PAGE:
Purpose: Epinephrine and norepinephrine mediate interactions between the neuroendocrine and the immune systems to alter immune cell activity. Although both systems respond to exercise stress, less is known about how they interact in response to such stress. The purpose of this investigation was to examine β2-adrenergic receptor (β2-ADR) expression on circulating leukocytes to an acute bout of resistance exercise in men and women.
Methods: Resistance-trained men (n = 8; mean ± SD age = 24.63 ± 5.07 yr, body mass index = 26.09 ± 2.21 kg·m−2) and women (n = 7; age = 22.13 ± 3.09 yr, body mass index = 22.63 ± 2.03 kg·m−2) performed an acute resistance exercise protocol (six sets of five-repetition maximum heavy squats) and a control test (i.e., identical conditions with no exercise) in a balanced, randomized order. Using a within-subject design, β2-ADR expressions on circulating leukocytes were evaluated with flow cytometry, and plasma epinephrine and norepinephrine were evaluated with high-performance liquid chromatography.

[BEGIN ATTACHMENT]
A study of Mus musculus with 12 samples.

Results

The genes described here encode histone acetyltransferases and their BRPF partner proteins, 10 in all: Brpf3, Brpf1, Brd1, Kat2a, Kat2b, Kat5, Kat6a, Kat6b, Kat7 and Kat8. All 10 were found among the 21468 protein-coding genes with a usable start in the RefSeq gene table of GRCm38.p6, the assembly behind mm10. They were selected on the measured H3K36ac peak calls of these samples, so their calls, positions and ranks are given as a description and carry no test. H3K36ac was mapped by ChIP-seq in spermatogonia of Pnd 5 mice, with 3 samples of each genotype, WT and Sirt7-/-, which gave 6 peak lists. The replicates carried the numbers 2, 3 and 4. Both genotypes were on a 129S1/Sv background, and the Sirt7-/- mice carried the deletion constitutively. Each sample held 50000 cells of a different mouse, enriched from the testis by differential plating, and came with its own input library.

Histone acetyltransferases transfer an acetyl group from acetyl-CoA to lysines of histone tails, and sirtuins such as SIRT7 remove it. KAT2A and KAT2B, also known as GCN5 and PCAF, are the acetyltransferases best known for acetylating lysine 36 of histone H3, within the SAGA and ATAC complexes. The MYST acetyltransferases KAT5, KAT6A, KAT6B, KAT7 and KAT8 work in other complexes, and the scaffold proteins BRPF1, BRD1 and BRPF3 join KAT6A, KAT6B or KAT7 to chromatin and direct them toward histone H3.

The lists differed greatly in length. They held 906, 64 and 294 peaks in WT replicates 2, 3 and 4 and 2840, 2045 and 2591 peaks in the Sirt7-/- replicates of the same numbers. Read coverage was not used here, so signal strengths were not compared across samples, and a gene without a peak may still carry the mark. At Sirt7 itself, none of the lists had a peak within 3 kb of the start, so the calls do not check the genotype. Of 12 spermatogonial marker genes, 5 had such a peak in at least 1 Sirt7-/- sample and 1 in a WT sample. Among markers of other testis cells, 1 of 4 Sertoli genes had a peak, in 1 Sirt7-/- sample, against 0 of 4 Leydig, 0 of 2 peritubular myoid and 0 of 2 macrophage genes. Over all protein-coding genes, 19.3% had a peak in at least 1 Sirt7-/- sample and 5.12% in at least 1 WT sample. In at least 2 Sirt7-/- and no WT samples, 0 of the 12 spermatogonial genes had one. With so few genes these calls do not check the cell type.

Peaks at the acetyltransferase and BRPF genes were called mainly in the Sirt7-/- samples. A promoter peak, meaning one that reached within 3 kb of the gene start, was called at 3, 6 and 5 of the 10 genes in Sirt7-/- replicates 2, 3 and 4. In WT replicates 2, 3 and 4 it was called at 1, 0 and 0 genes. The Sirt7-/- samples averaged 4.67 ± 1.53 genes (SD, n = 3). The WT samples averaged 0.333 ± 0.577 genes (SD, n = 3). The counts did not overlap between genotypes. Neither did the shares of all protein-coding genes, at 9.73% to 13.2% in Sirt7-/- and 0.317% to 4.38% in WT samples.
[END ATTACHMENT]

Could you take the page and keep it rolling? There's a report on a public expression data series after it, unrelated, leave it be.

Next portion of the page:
Results: Plasma epinephrine and norepinephrine increased during the exercise bout and returned to baseline during recovery. β2-ADR expression on monocytes was elevated in anticipation of the exercise protocol. β2-ADR expression on monocytes and granulocytes decreased during the exercise. β2-ADR expression on lymphocytes was elevated during the recovery time points.
Conclusions: In conclusion, β2-ADR expression on leukocyte subpopulations changes in response to acute heavy resistance exercise protocol. The present findings provide insights into the potential temporal interactions between the neuroendocrine and the immune systems in response to the physiological stress of acute heavy resistance exercise in men and women.
1Human Performance Laboratory, Department of Kinesiology, University of Connecticut, Storrs, CT; 2Center for Aging, Division of Geriatric Medicine, University of Connecticut Health Center, Farmington, CT; 3Department of Physiology and Neurobiology, University of Connecticut, Storrs, CT; 4Department of Microbiology and Cell Biology, The Pennsylvania State University, University Park, PA; and 5Department of Biology of Physical Activity & Neuromuscular Research Center, University of Jyväskylä, Jyväskylä, FINLAND
Address for correspondence: William J. Kraemer, Ph.D., Kinesiology, Physiology and Neurobiology, Human Performance Laboratory, Department of Kinesiology, 2095 Hillside Rd., Unit-1110, University of Connecticut, Storrs, CT 06269-1110; E-mail: William.email@example.com.
Submitted for publication October 2010.
Accepted for publication December 2010.